Asthma affects about 9.4% of children and 7.7% of adults in the United States.
In many cases, asthma is a lifelong condition that a person can control by taking medications and avoiding triggers that trigger asthma attacks.
Although childhood asthma and adult-onset asthma are similar, symptoms can vary in severity. Learn more about the difference between adult-onset and childhood asthma here.
Certain triggers in the environment can also worsen asthma symptoms and trigger an asthma attack.
Keep reading to learn more about the different types of asthma, including symptoms and treatment options.
Allergic asthma is the most common type, affecting about 60 percent of people in the United States.
8 out of 10 people with allergic asthma will also have another allergic condition, such as eczema, allergic rhinitis, or food allergies.
Certain allergens in the environment can trigger allergic asthma. Some common allergens include:
- pet dander
- mold spores
- foods such as milk, eggs, and certain nuts
- dust mites, cockroaches, and cockroach feces
- irritants in the air, such as tobacco smoke and automobile and chemical fumes
- heavily fragranced products, such as perfumes
Nonallergic, or intrinsic, asthma does not require an allergen to trigger an attack.
It is less common than allergic asthma, accounting for about 10-33% of all asthma cases. It is more likely to appear in adolescence and affects women more than men.
Experts believe that non-allergic asthma is caused by genetic and environmental factors.
For example, symptoms may develop when a person experiences:
- irritants in the air, such as smoke
- respiratory infections, such as a cold, flu, or sinus infection
In seasonal asthma, symptoms flare up under certain conditions or at certain times of the year.
For example, a person with seasonal asthma may notice that symptoms are worse, or only present, during:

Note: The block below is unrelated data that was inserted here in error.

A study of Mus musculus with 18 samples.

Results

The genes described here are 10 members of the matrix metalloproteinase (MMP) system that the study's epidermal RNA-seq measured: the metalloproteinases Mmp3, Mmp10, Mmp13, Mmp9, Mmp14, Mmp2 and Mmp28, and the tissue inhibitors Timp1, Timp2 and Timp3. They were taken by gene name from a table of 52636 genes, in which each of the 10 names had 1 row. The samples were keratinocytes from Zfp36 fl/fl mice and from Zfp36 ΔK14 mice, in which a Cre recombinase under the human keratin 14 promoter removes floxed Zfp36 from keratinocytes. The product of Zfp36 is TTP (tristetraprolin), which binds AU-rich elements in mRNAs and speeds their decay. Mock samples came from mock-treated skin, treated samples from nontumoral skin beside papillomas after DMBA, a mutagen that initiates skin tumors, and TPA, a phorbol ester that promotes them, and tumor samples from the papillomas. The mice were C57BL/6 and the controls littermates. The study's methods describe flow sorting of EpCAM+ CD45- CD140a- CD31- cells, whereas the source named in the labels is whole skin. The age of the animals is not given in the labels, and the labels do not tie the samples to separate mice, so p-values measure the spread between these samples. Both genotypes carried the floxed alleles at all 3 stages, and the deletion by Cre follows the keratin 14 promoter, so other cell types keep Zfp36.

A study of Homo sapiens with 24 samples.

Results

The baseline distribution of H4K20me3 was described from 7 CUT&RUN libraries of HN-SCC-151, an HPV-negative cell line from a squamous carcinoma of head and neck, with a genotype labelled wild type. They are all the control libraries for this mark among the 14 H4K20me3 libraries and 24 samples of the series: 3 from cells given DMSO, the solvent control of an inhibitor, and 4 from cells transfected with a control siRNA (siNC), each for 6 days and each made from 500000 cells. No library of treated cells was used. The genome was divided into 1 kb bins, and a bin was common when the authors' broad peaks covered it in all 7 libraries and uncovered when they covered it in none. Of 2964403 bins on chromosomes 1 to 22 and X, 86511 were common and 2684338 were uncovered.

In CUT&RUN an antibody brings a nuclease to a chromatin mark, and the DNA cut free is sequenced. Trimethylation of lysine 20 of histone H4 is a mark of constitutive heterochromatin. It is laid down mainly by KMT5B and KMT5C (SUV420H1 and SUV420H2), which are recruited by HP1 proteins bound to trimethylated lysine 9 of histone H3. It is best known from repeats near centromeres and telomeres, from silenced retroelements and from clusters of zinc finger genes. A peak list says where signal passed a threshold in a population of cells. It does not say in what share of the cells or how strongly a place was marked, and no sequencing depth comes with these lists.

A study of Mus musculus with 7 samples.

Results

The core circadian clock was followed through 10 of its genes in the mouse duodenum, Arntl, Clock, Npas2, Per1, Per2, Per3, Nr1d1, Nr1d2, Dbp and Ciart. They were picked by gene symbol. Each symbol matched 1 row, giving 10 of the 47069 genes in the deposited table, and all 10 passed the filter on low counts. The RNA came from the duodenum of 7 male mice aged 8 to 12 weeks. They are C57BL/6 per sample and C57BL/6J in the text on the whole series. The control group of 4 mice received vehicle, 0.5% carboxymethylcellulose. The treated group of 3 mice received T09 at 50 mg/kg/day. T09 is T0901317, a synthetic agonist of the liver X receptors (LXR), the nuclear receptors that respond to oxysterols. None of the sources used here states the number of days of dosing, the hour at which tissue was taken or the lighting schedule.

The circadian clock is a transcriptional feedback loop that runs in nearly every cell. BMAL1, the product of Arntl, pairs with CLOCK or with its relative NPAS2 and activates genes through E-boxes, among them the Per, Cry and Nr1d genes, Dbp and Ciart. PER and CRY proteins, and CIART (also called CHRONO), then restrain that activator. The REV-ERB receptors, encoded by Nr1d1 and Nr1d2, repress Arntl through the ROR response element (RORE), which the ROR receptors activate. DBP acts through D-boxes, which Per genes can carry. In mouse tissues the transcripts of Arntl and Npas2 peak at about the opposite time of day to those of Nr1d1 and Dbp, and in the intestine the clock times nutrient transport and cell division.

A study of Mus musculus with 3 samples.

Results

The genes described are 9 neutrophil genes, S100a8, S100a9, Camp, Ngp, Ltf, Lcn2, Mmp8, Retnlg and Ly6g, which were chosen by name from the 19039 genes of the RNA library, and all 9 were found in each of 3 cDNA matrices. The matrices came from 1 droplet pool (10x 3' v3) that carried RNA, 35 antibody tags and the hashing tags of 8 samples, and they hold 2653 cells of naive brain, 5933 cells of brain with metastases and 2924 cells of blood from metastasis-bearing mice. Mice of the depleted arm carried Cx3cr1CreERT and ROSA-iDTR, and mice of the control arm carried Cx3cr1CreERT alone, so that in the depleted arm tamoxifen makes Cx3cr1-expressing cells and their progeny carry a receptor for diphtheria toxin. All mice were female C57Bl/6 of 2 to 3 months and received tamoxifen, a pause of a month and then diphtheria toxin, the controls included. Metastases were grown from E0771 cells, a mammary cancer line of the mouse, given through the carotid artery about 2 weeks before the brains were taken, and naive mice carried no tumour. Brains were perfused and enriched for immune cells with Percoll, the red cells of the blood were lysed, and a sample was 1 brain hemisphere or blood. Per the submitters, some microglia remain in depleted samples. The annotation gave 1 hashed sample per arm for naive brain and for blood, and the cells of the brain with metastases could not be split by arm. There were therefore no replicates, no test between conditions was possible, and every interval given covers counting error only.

- Hay fever season, when pollen levels are highest.
- Cold or hot weather, thunderstorms and sudden changes in temperature
- Days when air pollution is worse, such as cold days
- During the winter months, when there are more cold and flu viruses around.
In many ways, seasonal asthma is similar to allergic asthma. In fact, people may use both terms to describe asthma attacks that occur during pollen season.
People with occupational asthma may find that their symptoms worsen while working, or improve with time off work.
In fact, 15% of asthma cases in the US can be attributed to work-related exposure to paint chemicals, aerosols, pesticides, or other harmful substances.
How long it takes for symptoms to appear depends on the level of exposure to these and other substances. Some people may have an asthma attack within 24 hours of exposure. In others, it may take months, or even years, for any symptoms to develop.
Exercise-induced asthma occurs when symptoms flare up during or shortly after exercise or other forms of strenuous activity. This can happen about 5-20 minutes after exercise.
While it’s common to experience shortness of breath after exercise, exercise-induced asthma can also cause coughing, wheezing, and chest pain, ranging from mild to severe.
About 90% of people with asthma also experience exercise-induced asthma, in most cases a mild form that responds well to treatment.
The following factors can also worsen exercise-induced asthma symptoms:
- chlorinated pools
- exposure to polluted air while running or cycling outside
- cold, dry air while ice skating or playing hockey
- warm, humid air while doing hot yoga
Severe asthma, or refractory asthma, affects 4% of all adults with asthma.
Experts consider asthma severe when symptoms do not improve with standard medications. People with severe asthma are more likely to:
- People with mild to moderate asthma tend to have more asthma attacks.
- Spend more time in hospital as a result of your asthma.
- Take long-term steroid pills.
Symptoms of severe asthma are similar to those of mild to moderate asthma, but can be much more severe. They can sometimes be fatal.